Winstead Law



Many people, when they hear about preparing Wills and Trusts for estate planning purposes, assume that they are the same thing, or at least very closely related.  While both, when done right, aim to achieve a basic common goal of directing to whom and how your assets will go, they operate in different ways.  Depending on your specific situation, one might be far more appropriate than the other as your primary estate-planning tool. Let’s take a look at what a Will does versus how a Trust operates.

Where There’s a Will, There’s a Way

Every estate plan, whether for Bill Gates or the local grocer, should begin with a Will.  It answers the basic question of most estate plans – where will my property go when I die?  A Will determines who receives your assets passing through your estate when you pass on, and who will oversee that distribution.  You can direct how specific property is distributed, such as a cherished family heirloom, or direct property in ways that the law would not grant by default, such as to a friend or companion.  You can also assure a planned future for your children by nominating who will take care of them if they are still minors when you pass on.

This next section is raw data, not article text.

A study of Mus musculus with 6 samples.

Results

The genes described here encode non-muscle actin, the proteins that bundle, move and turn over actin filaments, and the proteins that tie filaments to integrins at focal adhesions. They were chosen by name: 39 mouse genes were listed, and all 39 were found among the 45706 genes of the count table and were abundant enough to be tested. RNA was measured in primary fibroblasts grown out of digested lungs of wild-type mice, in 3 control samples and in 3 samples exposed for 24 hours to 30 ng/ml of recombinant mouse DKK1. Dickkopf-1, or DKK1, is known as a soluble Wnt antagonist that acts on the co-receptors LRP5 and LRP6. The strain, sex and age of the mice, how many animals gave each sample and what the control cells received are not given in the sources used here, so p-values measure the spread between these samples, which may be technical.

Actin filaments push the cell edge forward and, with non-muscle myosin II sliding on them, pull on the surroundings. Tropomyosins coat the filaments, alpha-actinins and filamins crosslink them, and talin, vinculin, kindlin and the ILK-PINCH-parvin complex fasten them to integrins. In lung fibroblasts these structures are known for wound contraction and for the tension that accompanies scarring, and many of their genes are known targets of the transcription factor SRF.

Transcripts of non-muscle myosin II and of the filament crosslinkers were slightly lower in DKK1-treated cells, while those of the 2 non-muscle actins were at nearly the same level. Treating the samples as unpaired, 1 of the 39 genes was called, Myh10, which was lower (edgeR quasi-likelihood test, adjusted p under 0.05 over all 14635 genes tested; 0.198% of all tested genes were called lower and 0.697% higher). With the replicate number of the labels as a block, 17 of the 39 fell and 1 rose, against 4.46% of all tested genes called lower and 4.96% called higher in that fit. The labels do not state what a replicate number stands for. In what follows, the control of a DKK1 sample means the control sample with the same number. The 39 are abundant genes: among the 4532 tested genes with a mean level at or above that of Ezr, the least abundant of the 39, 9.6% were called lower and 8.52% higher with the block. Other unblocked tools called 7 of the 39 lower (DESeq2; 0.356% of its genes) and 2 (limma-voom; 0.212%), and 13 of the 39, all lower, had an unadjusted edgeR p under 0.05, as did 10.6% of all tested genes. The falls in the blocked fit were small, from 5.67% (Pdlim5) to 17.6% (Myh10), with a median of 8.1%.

How Is a Trust Different?

Trusts, also referred to as living trusts, are much more complex documents.  While they can determine who receives your assets when you pass on, they can shield and protect your assets in ways a Will simply cannot, and streamline the management of your assets while you are still alive.  For starters, a Trust holding your assets during your lifetime can protect them from creditors or claimants, and when you are gone can minimize or eliminate the taxation of your estate.  A Trust can also make it extremely easy for you to direct your assets to where you want and to later change your mind without the formalities that a Will requires.  These objectives cannot be achieved with an ordinary will. 

Unlike a Will, a Trust does not need to be allowed in Court after you die, and so family disputes following death can often be minimized, including characterizations of your mental competence that can become an issue in a Will contest.  Avoiding these ugly scenes is easier with a Trust, which remains a private document and will not be made a public record after you die.

Choosing One Over the Other

Given that having a Will should be a default, the question really becomes whether you should supplement that document with a Trust.  This decision will be driven by your individual needs and desires, not just on death, but during your lifetime.  It is a decision that should be made in consultation with a qualified estate planning attorney who can guide you through the process.  Contact Winstead Law today to discover whether a Will or Trust is the best option for you.